March 31, 2022

Good news in Virginia as the Governor signed the Cocktails-To-Go legislation which extends the allowance for restaurants to sell alcoholic beverages to go through July 2024. It was originally set to expire this July. You may recall that RAMW represented our membership as we served on an ABC working group established to study alcohol to go and to inform the related bills, HB 426 and SB 254. ABC will continue the workgroup to examine whether to make the allowance permanent. The legislation implements training and licensure steps for third-party delivery companies and it provides ABC with suspension authority. The measure has additional fine print updates around the hours when cocktails-to-go can be sold for delivery, the amount of cocktails-to-go that can accompany a delivery order, how the cocktails must be transported, and a requirement that food also be part of the delivery order. We will share details with you when ABC updates its rulemaking for licensees. A second measure on third-party delivery, that would require delivery platforms to disclose all fees charged by the platform to a restaurant when an order is placed, was tabled. 

Here are the details: 

Effective July 1, 2022. From an operating perspective, the cocktails-to-go bills have very few structural changes with an impact on restaurants beyond the extension of the sunset date (now July 2024). That being said, there are new requirements for third party delivery. Here is a recap of how things currently stand and will continue to do so for restaurants:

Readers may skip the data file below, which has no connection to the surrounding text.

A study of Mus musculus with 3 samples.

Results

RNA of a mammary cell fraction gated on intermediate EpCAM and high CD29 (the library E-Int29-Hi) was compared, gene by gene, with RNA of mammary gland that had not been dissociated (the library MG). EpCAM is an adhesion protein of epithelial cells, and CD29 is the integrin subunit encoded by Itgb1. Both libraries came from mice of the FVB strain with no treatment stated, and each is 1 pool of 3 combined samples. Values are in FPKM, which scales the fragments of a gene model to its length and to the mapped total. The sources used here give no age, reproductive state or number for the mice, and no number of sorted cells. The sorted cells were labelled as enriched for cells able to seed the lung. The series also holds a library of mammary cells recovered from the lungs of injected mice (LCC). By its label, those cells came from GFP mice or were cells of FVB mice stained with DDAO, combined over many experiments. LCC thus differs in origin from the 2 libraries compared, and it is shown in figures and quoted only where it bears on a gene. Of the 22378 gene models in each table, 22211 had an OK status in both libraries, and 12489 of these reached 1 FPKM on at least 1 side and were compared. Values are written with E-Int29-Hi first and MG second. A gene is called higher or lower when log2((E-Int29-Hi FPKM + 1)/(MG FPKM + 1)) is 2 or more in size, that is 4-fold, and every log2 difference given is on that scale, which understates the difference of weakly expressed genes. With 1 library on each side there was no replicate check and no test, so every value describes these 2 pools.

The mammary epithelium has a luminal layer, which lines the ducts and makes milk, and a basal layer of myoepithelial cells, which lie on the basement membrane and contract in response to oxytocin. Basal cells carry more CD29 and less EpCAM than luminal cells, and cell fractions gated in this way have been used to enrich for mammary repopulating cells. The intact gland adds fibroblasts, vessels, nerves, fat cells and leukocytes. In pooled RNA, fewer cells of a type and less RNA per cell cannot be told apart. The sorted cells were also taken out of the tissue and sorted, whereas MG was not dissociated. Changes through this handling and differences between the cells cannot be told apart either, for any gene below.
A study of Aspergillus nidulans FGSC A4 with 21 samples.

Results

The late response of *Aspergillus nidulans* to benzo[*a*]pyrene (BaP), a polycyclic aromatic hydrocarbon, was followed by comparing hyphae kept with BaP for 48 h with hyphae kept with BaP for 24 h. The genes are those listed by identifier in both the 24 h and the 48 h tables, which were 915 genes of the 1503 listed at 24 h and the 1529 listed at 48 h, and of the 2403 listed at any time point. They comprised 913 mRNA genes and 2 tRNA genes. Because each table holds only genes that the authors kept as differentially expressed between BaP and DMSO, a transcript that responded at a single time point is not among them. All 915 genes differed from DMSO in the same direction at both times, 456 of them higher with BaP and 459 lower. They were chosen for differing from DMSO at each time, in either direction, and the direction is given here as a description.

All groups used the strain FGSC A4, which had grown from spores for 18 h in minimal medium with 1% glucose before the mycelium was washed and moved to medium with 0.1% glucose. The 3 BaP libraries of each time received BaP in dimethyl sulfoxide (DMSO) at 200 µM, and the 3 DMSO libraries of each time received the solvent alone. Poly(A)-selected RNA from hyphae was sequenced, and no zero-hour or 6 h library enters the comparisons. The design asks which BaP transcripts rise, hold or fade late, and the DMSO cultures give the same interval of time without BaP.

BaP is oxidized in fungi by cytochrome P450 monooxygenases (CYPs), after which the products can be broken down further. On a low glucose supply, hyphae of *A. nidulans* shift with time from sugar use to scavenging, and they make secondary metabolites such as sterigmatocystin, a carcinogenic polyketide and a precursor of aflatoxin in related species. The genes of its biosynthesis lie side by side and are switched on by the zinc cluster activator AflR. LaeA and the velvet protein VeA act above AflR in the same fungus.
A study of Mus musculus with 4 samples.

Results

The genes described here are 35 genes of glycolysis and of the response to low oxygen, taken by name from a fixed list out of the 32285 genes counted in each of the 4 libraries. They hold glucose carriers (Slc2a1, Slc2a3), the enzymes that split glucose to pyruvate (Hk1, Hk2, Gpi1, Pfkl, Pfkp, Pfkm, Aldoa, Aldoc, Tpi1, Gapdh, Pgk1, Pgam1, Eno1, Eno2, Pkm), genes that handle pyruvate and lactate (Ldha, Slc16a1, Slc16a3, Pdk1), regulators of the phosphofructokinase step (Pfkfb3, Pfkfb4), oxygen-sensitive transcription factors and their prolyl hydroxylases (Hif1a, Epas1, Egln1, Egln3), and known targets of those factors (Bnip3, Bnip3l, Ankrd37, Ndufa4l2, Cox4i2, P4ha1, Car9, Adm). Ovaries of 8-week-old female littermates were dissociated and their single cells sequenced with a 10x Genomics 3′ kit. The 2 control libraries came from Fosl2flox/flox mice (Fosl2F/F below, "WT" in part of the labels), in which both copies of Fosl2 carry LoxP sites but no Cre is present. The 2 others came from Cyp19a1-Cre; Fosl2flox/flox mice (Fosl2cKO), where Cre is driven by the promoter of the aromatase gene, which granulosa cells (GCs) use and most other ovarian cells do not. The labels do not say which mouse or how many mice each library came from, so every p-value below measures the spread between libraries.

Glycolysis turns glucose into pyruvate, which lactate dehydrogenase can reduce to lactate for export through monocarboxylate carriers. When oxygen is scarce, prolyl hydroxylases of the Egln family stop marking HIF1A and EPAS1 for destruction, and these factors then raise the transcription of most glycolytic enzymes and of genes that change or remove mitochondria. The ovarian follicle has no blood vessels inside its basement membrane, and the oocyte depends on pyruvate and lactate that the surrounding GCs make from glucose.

Alcoholic beverages shall not be delivered after 11:00pm or before 6:00am. 

For mixed beverages, the bill maintains current law regarding a limit of four mixed beverages at any one time for off-premise consumption or delivery. Mixed beverage restaurant and limited mixed beverage restaurant licensees must also serve at least one meal with every two mixed beverages sold for off-premise consumption or delivery.

The 2022 bill signed by Governor Youngkin adds that alcoholic beverages not in the manufacturer’s original sealed container must be:

  1. Enclosed in a container that has no straw holes or other openings and is sealed in a manner that allows a person to readily discern whether the container has been opened or tampered with subsequent to its original closure
  2. Display the name of the licensee from which the alcoholic beverages were purchased
  3. Clearly marked with the phase “contains alcoholic beverages”
  4. In the case of wine, beer, or mixed beverages (if purchased from a mixed beverage restaurant or limited mixed beverage restaurant licensee) have a maximum volume of 16 ounces per beverage
  5. During delivery, be stored (1) in the truck of the vehicle, (2) in an area that is rear of the driver’s seat, (3) in a locked container or compartment, or (4) in the case of delivery by bicycle, in a compartment behind the bicyclist.

One other potential operational change for restaurants in the bill signed by Governor Youngkin is the removal of the language requiring mixed beverages to be in a “single original metal can or in glass, paper, plastic, or similar disposable containers that include a secured lid, cap, or similar closure that prevents the mixed beverage from being consumed without removal of such lid, cap, or similar closure.”